Separate names with a comma.
Discussion in 'Battery Discussion' started by JRP3, Jul 27, 2012.
Sounds like a record capacity for a mobile application: 2.2 MWh!
That is very cool ! Shipping uses a lot of fuel. Boats don't do much stop/start, so hybrid regen braking isn't going to help a lot, but having all that deck space for solar panels is nice.
From the article, it sounds like the energy from the batteries and solar panels is not used for propulsion.
OK, thanks. Yes, I see they use it to power the electrics while in port so they don't have the run the engine to keep things powered up.
Good way to reduce port pollution I guess.
The pollution is a big deal in some ports with all those large diesel/heavy oil systems. But overall it's a subsidized project to lower CO2 emissions. It'll also be a good test of battery longevity.
I'm sure the panels and batteries will be of some benefit for the electrical systems while crossing as well.
The batteries will act as ballast, so they don't take up space in the hold and I suspect that any additional weight won't be a big deal.
Next up would be to add sails.
There have been electric motorhomes too:
Winston (Thunder Sky) RV EV
MVP RV World's First All Electric Class C Motorhome
Winston Battery Limited
First All-Electric Motorhome Introduced at Louisville RV Show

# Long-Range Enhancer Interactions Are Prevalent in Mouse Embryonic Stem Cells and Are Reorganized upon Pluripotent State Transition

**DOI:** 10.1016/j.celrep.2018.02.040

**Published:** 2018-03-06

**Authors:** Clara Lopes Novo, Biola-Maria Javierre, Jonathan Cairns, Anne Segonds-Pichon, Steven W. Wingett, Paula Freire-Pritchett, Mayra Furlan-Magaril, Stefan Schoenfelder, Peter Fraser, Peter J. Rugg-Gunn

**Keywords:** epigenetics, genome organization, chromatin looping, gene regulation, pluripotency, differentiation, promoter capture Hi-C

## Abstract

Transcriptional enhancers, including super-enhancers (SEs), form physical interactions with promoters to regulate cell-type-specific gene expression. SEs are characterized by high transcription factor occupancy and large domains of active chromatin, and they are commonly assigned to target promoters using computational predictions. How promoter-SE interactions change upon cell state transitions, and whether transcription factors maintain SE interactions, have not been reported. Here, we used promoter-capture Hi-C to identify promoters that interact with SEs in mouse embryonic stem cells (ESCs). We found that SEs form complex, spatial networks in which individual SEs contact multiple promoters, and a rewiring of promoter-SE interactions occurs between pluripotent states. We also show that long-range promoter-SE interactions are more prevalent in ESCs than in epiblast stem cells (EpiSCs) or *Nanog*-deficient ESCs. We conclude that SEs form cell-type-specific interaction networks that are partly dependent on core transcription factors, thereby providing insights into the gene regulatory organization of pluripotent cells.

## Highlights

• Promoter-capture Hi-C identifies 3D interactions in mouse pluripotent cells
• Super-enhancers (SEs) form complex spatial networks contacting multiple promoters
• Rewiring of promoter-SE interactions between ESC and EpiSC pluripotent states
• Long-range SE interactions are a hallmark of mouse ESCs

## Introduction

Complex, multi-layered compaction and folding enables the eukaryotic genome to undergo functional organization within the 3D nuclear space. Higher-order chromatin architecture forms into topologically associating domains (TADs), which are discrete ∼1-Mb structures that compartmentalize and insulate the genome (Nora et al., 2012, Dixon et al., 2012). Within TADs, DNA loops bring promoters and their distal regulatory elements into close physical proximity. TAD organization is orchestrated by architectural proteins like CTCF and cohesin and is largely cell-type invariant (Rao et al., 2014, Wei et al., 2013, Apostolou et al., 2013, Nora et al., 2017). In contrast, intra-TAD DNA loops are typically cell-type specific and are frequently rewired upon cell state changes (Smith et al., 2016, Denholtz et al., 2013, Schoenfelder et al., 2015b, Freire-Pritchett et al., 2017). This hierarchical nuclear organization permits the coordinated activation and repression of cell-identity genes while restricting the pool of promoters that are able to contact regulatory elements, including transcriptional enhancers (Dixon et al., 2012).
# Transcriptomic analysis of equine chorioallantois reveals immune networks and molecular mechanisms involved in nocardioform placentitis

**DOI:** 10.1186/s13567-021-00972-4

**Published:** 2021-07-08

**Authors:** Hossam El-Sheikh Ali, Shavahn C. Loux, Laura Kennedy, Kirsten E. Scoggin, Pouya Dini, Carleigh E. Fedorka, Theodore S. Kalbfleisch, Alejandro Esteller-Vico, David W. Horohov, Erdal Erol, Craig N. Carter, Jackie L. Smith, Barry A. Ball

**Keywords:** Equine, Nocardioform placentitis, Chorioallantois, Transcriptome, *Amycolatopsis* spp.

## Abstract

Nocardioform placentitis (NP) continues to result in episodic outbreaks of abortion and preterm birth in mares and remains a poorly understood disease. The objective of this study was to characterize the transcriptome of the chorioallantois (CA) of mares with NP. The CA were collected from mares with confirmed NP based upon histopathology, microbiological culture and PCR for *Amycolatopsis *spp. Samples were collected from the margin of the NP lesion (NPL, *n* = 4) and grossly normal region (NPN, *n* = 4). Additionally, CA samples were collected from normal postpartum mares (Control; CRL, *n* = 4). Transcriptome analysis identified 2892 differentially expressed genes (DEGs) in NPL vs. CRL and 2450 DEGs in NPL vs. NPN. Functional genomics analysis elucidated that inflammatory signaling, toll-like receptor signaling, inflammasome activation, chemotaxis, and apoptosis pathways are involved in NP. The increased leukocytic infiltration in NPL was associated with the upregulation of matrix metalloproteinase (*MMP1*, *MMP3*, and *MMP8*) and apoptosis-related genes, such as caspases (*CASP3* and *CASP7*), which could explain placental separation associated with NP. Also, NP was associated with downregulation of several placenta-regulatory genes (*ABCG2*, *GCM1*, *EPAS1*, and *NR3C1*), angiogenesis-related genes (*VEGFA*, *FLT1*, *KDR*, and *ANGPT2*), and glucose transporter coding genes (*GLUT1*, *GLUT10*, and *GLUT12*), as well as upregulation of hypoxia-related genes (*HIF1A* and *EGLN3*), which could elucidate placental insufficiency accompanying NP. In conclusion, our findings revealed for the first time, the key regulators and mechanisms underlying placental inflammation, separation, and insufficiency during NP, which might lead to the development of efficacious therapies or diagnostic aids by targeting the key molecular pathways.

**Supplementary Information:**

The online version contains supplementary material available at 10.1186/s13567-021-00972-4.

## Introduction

Vans with Tesla battery pack:
Freightliner Taps Tesla To Build an Electric Truck | Autopia | Wired.com
Interesting posts. The electric bus stuff went here: Electric bus
The pollution at some ports is a big deal. So much so it might be worth it even without the solar, to charge the batteries with the generator when out at sea, just to be able to run on battery while in port.
Reminds me of the congestion charge stuff in inner cities. Where a vehicle like the Volt/Ampera could run in EV mode when in town, then switch to gas when driving between cities.
At some point, ports could put surcharges (or fines?) on boats that don't switch to solar+battery power when in port. That would certainly encourage more boats to do this sort of thing.
Instead of expensive solar cells and batteries, they could also just plug the ship into the grid at port. That's what two cruise ships do when they dock in Seattle:
Local News | 2 cruise ships will plug into Seattle's power grid | Seattle Times Newspaper
It seems that they also use the system to power electricity while out at sea so that reduces the total engine load and thus fuel consumption.
This kind of thing should simply be mandated into the design of all new large passenger ships.
Here's the technology in action. They have this system in operation in Oslo. (The plug can transmit 4 MW.)
It takes time to get the system up and running, so while the system is connecting, you could use battery power.